Hawaii Stakes SandBox on Local Beaches
The state of Hawaii may soon open its crypto beachhead.
The two-year pilot program will allow officials to explore more amenable crypto regulations, read the Department of Commerce and Consumer Affairs’ (DCCA) press release.
Called The Digital Currency Innovation Lab, the program is a joint initiative between the DCCA, Hawaii Technology Development Corporation (HTDC), and the Division of Financial Institutions (DFI).
The application process began on Tuesday and will continue until May 1. The application costs $500.
Once inducted, companies will have the necessary money transmitting license waived. These companies will also have to pay an additional $1,000 per term that they participate in the program.
In the past, authorities demanded companies servicing Hawaiian residents to hold cash equivalents backing any crypto holdings.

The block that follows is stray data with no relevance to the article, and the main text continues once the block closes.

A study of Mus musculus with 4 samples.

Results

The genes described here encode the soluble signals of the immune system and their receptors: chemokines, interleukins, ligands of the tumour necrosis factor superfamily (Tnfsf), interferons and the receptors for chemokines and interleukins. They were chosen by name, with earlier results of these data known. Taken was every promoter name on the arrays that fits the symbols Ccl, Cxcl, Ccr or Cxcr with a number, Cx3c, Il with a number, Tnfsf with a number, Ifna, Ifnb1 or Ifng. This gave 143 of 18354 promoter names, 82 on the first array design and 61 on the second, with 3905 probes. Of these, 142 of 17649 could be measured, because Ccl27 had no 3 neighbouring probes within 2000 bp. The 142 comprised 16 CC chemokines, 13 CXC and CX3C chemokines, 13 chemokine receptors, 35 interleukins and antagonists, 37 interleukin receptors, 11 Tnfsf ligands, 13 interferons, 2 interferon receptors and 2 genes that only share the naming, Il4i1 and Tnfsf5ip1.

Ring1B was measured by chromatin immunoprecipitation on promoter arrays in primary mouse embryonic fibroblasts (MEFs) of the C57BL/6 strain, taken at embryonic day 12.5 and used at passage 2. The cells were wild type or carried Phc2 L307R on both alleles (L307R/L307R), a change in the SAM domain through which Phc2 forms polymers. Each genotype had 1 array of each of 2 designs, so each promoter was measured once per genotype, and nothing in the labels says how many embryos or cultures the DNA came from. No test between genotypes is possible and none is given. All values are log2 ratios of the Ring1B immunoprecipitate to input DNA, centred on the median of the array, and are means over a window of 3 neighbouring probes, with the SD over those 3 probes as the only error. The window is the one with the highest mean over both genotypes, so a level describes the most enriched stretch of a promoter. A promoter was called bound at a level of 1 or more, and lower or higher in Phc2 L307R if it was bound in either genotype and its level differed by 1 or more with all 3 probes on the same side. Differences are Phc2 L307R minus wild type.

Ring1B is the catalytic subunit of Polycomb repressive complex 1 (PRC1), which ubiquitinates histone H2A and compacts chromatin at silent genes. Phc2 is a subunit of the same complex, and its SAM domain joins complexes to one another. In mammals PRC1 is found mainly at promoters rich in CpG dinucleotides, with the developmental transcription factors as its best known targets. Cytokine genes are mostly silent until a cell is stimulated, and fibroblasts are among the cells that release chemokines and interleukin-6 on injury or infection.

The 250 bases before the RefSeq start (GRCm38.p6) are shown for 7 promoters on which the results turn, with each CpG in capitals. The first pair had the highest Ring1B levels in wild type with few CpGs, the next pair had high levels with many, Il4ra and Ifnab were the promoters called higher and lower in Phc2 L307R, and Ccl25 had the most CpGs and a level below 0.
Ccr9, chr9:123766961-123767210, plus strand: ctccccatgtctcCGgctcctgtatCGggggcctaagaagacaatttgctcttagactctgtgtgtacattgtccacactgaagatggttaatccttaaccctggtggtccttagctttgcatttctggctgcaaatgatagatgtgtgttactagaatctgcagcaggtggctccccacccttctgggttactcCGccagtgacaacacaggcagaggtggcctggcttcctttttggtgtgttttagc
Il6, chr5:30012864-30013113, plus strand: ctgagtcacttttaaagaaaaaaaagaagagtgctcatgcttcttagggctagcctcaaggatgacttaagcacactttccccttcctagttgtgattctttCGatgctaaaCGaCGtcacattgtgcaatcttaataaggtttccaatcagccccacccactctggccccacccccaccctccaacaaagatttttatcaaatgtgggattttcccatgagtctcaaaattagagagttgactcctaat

This caveat meant that companies would have to siphon funds used to pay operational costs would instead need to be held as collateral at all times.
In 2017, Coinbase legal representative, Juan Suarez wrote that the company “cannot accept this tradeoff.”
Many other crypto businesses have avoided Hawaii for similar reasons.
HTDC’s acting executive director, Len Higashi, hopes this will change following the sandbox initiative. The director said:
“By spearheading the Digital Currency Innovation Lab, Hawaii can position itself on the forefront of financial technology and potentially, reap the economic benefits that accompany the leadership stance taken.”